NMSU scholar says Gibson’s new film maligns the Maya.

The latest news out of Hollywood says the Walt Disney Co. is planning to stick with Mel Gibson’s epic movie "Apocalypto," despite its earlier reservations in the wake of Gibson’s widely publicized drunken-driving arrest in Malibu, Calif., last month.

The movie, which has been shrouded in some mystery (and whose production problems may have driven Mel to … well, we don’t know about that) is a sweeping story of the decline and collapse of classic Maya civilization and — as Gibson used Aramaic and subtitles in his controversial "Passion of the Christ" — will be told in the Maya tongue.

A Disney spokesman has confirmed that the company will distribute "Apocalypto" as scheduled, beginning on Dec. 8.

Even before Gibson went on his anti-Semitic rant, blaming Jews for starting "all the wars in the world," archaeologists and anthropologists — including Lisa Lucero, associate professor of anthropology at New Mexico State University — were getting on Gibson’s case for misrepresenting the Maya.

"The classic Maya really didn’t go in for mass sacrifice. That was the Aztecs," Lucero said in a USA Today article that appeared back on June 28 (and was reprinted in the Arizona Republic last month).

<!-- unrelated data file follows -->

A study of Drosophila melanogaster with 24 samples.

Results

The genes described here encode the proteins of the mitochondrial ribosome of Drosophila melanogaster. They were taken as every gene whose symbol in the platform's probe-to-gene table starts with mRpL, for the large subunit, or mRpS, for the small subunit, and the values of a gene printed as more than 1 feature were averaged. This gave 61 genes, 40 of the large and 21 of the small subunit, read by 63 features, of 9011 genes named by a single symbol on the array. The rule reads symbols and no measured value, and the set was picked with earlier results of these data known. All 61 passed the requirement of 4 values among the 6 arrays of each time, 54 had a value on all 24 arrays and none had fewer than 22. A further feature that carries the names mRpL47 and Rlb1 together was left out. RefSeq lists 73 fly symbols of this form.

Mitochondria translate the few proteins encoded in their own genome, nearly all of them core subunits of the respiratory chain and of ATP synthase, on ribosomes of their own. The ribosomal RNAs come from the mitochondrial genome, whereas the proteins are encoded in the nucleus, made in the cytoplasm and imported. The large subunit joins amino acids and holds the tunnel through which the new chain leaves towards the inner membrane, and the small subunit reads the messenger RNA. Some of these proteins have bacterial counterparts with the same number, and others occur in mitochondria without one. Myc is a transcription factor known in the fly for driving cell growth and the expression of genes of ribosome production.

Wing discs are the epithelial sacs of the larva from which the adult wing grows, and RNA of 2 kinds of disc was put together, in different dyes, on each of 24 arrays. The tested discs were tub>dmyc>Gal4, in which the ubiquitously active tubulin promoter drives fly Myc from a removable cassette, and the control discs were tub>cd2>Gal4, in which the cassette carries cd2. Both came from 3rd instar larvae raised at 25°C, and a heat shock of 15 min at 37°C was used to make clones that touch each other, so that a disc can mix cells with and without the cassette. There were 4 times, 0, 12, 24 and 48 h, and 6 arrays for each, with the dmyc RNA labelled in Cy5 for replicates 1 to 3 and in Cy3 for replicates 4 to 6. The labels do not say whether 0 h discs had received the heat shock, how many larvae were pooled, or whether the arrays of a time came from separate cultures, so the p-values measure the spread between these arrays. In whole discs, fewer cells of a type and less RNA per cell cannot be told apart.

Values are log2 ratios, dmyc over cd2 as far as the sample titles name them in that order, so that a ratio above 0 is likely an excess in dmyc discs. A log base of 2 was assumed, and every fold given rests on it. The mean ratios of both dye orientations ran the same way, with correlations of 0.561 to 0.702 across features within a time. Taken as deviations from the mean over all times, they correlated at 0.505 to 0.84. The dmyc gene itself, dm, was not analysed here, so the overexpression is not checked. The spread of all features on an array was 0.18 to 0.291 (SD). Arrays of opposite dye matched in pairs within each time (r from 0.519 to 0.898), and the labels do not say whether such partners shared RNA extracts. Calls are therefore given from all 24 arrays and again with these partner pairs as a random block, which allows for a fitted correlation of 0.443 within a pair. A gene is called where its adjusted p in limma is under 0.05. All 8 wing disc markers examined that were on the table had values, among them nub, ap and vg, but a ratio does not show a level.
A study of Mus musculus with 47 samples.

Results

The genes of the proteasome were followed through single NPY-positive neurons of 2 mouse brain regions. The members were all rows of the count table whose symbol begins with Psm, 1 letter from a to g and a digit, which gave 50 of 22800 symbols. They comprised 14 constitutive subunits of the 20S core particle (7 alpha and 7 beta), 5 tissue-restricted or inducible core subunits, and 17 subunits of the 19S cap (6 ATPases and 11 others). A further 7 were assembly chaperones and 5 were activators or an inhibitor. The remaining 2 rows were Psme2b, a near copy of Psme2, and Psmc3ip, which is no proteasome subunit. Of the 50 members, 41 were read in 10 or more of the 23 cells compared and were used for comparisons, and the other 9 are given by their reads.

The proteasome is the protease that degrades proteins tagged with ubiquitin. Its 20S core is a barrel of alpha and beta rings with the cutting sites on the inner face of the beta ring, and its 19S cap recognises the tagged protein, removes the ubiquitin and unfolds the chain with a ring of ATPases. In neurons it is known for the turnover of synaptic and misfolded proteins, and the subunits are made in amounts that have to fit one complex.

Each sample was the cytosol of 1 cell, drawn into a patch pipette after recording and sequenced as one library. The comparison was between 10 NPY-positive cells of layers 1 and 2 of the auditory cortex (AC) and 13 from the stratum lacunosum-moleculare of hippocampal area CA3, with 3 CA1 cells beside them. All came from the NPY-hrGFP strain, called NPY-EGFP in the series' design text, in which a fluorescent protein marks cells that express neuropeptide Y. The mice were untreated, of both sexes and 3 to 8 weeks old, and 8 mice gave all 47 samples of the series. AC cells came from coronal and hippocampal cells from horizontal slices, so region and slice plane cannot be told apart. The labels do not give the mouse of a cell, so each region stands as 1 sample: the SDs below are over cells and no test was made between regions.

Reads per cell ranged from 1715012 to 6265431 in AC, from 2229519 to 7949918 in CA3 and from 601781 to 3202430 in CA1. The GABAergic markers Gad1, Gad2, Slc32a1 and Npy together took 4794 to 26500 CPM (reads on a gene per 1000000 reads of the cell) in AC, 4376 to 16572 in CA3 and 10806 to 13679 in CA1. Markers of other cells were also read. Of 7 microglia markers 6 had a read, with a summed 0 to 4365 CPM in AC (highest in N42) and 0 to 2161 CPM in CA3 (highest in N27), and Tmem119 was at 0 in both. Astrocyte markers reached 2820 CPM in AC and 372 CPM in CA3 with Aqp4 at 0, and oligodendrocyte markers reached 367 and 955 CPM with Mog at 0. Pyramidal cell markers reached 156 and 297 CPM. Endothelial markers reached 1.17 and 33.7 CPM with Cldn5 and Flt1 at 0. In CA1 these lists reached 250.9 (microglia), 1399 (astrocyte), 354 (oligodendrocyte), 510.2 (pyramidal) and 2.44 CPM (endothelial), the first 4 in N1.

According to an article from NMSU that appeared in today’s Las Cruces Sun-News, Lucero said her comments were based on a trailer for the film that has been available online for months and on a Time magazine story published earlier this year.

"Out of the hundreds of Maya centers that are found throughout Central America, only a few show evidence of violence," Lucero, author of a new book, "Water and Ritual: The Rise and Fall of Classic Maya Rulers," said in another interview.

In the USA Today article, Lucero joined another archaeologist, David Webster of Penn State University, in pointing out that "Apocalypto" wasn’t even filmed in the classic Maya homeland and that the language used isn’t the ancient Maya tongue but modern-day Yucatec.

"A lot of nonscholars believe they have the right to write about the Maya, and that has been the case throughout history," Lucero has said, according to the Sun-News article. "They will write in a spiritual or New Age sense or in some other sense that’s not academic. That’s what is frustrating."

Nevertheless, Lucero told USA Today the film could be "a really good springboard into a lecture … Or it may be something we have to nip in the bud in that first lecture."

Meanwhile, Gibson — in his own soft-spoken, nuanced way — told an interviewer earlier this year, "After what I experienced with `The Passion,’ I frankly don’t give a flying (expletive) about much of what those critics think."

Gibson has said he partly sees "Apocalypto" as a political allegory for leadership in our era, USA Today reported.

Given his "in vino veritas" remarks last month, we can hardly wait.

Or we can keep telling ourselves it’s only a movie.